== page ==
Reviews Summary for Ten Tec KR1B
Ten Tec KR1B Reviews: 2 Average rating: 4.0/5 MSRP: $(missing—add MSRP)
Description: Electromagnetic iambic paddles that match the Corsair and other Ten Tec transceivers with built-in keyers.
Product is in production.
A "sleeper"  Time owned: more than 12 months
(This review is technically on the KR-1, which is identical to the KR-1B other than the color.)

I picked up this paddle in a package deal a few years ago. It took a little bit to understand the way it operates, but once I did that I haven't looked back.

Just a few observations: 1) take the time to learn how to adjust it properly; 2) it is best suited for a light, precise touch and may not work as well for a "slapper" (if you understand my style description); and 3) the levers pivot (rotate) rather than having a straight lateral motion, which may be disconcerting to some users.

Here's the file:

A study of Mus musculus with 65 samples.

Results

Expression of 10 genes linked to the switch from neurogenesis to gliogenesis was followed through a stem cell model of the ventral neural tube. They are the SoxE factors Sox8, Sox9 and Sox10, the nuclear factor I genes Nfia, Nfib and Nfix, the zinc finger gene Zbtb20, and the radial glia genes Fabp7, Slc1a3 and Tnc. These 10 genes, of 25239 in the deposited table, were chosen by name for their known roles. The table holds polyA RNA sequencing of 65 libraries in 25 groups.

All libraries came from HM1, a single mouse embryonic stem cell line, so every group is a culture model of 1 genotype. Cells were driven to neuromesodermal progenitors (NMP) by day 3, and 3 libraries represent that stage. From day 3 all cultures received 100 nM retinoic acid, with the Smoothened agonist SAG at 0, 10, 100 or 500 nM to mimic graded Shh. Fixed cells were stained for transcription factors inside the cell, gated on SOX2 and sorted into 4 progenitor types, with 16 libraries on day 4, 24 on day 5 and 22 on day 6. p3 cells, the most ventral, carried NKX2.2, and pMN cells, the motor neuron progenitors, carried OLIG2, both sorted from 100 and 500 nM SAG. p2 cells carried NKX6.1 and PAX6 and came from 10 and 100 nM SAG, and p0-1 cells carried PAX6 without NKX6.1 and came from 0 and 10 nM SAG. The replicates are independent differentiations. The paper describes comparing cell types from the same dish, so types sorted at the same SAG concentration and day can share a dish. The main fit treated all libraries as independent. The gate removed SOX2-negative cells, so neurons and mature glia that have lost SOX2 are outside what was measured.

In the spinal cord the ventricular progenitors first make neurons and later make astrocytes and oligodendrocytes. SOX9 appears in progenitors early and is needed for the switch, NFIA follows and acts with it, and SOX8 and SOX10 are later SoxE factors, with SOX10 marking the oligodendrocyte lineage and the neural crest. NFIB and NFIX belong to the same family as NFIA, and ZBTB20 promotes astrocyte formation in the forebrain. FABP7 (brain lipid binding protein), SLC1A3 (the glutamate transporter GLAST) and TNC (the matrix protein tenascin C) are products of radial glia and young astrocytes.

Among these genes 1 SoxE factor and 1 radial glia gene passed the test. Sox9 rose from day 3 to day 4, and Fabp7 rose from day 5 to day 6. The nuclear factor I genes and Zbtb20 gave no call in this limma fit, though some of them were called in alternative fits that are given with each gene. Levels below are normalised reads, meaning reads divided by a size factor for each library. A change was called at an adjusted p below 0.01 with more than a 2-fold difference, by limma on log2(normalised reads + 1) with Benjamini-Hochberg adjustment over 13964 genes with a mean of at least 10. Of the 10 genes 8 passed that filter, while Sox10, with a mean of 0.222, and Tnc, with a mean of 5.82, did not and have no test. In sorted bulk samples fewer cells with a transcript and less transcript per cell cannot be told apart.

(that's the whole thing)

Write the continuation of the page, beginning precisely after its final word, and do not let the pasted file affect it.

I'm not the only one who likes this mechanism. A poster on an email discussion group described his KR-40 (essentially a KR-1 series with a built in keyer) this way: "its smooth magnetic action gives [my] Begali paddle a good run for its money."

Like most hams, equipment periodically comes and goes from my operating desk. While other items from the aforementioned package deal are no longer in service at my QTH, the KR-1 remains, and I have no plans to change that.
N4EKV Rating: 3/5 Aug 3, 2000 01:03 Send this review to a friend
Interesting idea, clumsy action  Time owned: 0 to 3 months
The KR1B works with Ten Tec transceivers like the Corsair that have a build-in keyer. The iambic paddles use an electromagnetic system to produce keying resistance. The result is a strange (for me) "release" as the magnetic field breaks loose from the resting position. These keyers are known for, and Ten tec used to advertise as a feature, their "clickiness" as characters are formed. I find the clicking annoying. The keyer itself is too light and tends to skate quite easily on the table. The gap is crudely adjustable, but seems to stay put once set.